The biggest news story of Tudor’s 2023 launches is not one single watch, nor a new collection, but the grand opening of its new manufacture in Le Locle.
For almost a century, Tudor has shared the Geneva headquarters of its big brother Rolex, tucked into corners of the Swiss giant’s vast building, but it has finally flown the nest to establish its own dedicated home and production facility.
There are several key points to this big move beyond the benefits of greater independence – more on that when we pay the manufacture a visit later this year – but the headline is that Tudor now has a dedicated floor for METAS testing, the process of certification for mechanical watches carried out by the Swiss Federal Institute of Metrology.
It ensures superior build quality and movement performance by rigorously testing the likes of precision, resistance to magnetic fields, waterproofness and power reserve.
Tudor has invested heavily in new technologies, including state-of-the-art robotics unlike anything else in the industry, to ensure that this testing can be fully automated and operated 24/7.
The grand plan? That all Tudor watches will one day be METAS Master Chronometer certified. This is step one of reaching that lofty goal.
Fresh out of the new Le Locle factory is the new and improved Black Bay with burgundy bezel. First launched in 2012 as the first ever Black Bay reference, and relaunched in 2016 with Tudor’s first in-house movement, the MT5602, the new-look Black Bay with burgundy bezel takes the winning formula of its predecessors and refines its aesthetic along with the hardware under the hood.
Let’s start with the movement. The MT5602-U boasts the previously mentioned METAS Master Chronometer certification, which means you have all the bells and whistles you could possibly ask for in the pursuit of reliability, and 70 hours of power reserve to play with to boot.
Elsewhere, there’s a curvier, slimmer case, polished edges on the case side (previously brushed), a redesigned screw-down crown, and the teeth of the bezel are now wider apart and slightly jut out beyond the case for improved grip.
Even better, this version is 1.3mm thinner than the 2016 iteration and wears much more comfortably as a result.
There’s also a new lollipop second hand rather than the old snowflake design, a slightly tapered ‘pencil’ minute hand, and the option of Tudor’s rubber strap with T-Fit adjustable clasp that we first saw last year on the Black Bay Pro or a five-link jubilee bracelet that debuted on the Black Bay S&G from 2019. These are small tweaks, a natural progression of Tudor’s design codes, but the end result is the most sophisticated rendition of the Black Bay to date.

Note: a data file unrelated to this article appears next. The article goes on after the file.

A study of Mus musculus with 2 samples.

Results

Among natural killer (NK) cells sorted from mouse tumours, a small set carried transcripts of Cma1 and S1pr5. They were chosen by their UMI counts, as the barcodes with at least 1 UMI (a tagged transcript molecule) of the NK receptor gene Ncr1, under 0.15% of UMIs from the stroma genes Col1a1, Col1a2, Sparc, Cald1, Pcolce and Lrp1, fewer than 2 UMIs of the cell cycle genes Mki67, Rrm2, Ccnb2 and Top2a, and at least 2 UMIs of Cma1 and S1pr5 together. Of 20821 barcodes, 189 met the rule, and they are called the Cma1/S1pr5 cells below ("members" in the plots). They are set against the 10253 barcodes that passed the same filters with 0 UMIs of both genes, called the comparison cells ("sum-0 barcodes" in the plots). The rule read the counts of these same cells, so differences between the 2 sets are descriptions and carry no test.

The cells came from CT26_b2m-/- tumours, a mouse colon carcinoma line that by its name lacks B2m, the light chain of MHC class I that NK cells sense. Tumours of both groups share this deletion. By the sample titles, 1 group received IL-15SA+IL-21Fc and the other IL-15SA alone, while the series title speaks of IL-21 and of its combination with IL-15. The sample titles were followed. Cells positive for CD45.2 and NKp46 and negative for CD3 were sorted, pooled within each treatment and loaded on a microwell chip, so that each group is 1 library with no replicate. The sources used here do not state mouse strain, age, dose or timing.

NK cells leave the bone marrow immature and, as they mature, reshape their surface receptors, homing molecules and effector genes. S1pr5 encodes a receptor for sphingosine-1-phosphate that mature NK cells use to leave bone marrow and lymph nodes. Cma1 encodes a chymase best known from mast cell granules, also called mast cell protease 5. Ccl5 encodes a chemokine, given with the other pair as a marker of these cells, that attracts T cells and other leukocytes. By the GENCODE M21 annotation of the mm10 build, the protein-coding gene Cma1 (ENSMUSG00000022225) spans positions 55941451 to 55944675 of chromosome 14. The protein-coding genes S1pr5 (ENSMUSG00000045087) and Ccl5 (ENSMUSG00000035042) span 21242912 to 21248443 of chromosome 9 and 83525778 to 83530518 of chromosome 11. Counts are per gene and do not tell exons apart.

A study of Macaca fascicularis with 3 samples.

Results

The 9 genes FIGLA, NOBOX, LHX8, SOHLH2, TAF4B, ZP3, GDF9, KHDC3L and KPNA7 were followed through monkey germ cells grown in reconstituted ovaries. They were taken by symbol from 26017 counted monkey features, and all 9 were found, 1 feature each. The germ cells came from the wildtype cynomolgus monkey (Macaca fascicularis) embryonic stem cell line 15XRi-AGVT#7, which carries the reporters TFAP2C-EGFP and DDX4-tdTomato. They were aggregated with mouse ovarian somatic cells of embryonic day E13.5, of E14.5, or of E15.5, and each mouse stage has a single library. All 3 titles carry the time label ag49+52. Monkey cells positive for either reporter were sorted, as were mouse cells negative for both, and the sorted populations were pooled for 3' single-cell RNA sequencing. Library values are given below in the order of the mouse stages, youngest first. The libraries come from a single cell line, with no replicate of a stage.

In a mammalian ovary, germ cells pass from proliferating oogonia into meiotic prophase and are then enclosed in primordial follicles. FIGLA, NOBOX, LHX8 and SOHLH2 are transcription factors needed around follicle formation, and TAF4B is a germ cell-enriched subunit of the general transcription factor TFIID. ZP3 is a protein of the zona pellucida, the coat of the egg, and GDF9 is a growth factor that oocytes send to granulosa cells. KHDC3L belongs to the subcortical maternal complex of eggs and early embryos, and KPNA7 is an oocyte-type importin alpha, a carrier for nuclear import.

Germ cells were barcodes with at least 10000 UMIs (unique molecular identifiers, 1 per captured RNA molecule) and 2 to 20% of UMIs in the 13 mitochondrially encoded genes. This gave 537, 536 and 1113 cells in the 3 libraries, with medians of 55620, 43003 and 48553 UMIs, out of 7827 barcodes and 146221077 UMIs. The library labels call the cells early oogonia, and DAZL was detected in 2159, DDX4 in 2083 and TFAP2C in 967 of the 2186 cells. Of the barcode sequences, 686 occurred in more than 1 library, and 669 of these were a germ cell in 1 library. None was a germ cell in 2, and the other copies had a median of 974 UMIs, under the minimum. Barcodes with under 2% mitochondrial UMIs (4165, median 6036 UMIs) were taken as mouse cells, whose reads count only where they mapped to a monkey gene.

Living on its own and with a brand-new style? Tudor’s all grown up.
Black Bay 54
This lovely little thing is the closest Tudor has ever come to creating a reissue of a historic reference. Now, the brand hasn’t quite gone as far as calling it that, but it makes no bones about the fact that this watch pays homage to Tudor’s first ever diving watch, the ref 7922, launched in 1954.
This timepiece was never launched commercially, indeed it was commissioned by the French Navy to be utilised by its diving squads, but it ignited a passion for the dive watch style that remains an integral part of the watchmaker’s contemporary collections.
The Black Bay 54, in the same vein as the newly refreshed Black Bay above, features several tweaks to Tudor’s aesthetic codes – a curvier, slimmer case, new hands, and improved bezel and crown designs – but the big point of difference is the new 37mm case.
Fans of vintage dive watches will be delighted with the ‘historically appropriate’ sizing. Customers can now choose between the 37mm Black Bay 54, the 39mm Black Bay 58, and the original 41mm Black Bay, unquestionably strengthening Tudor’s offering.
Inside the beating heart of the 54 is Tudor's manufacture MT5400 movement, which boasts COSC certification (Official Swiss Chronometer Testing Institute), and offers ample accuracy and reliability, along with 70 hours of power reserve. ‘Small but mighty’ comes to mind.
Black Bay GMT
First launched in 2018, Tudor has breathed fresh life into the Black Bay GMT with a new opaline dial.
Otherwise all other functions and design notes are the same – which means, 41mm steel case, a "Pepsi" bezel, and the ever-so dependable MT562 manufacture calibre ticking along at its heart.
Sometimes known as a Polar dial – see Rolex’s beloved Polar Explorer II – this latest addition to Tudor’s range might be a small cosmetic change, but expect it to be very popular with collectors.
The Royal collection might not have quite the same street cred as the Black Bay collection, but we have it on good authority that it sells like veritable hotcakes.
That might have something to do with the prices starting at a shade under £2k with plenty of watch for your buck…
The collection is offered in four case sizes – 28mm, 34mm, 38mm, and 41mm – and now comes with two new dial variations, a warm chocolate brown and a metallic salmon.
This is the first time a modern Tudor has featured a salmon dial. In fact, it might be the first time Tudor has ever created a salmon dial. That fact alone was enough to raise our eyebrows.
Black Bay ‘Fixed Bezel’
The slightly sportier brother of the original Black Bay, featuring a fixed bezel in place of a 60-minute unidirectional bezel, this variant comes in four sizes (31mm, 36mm, 39mm, 41mm) and for the first time features in-house COSC-certified movements across the range.
There’s also three new dials to enjoy – champagne, anthracite, and blue, each featuring a subtle sunray effect.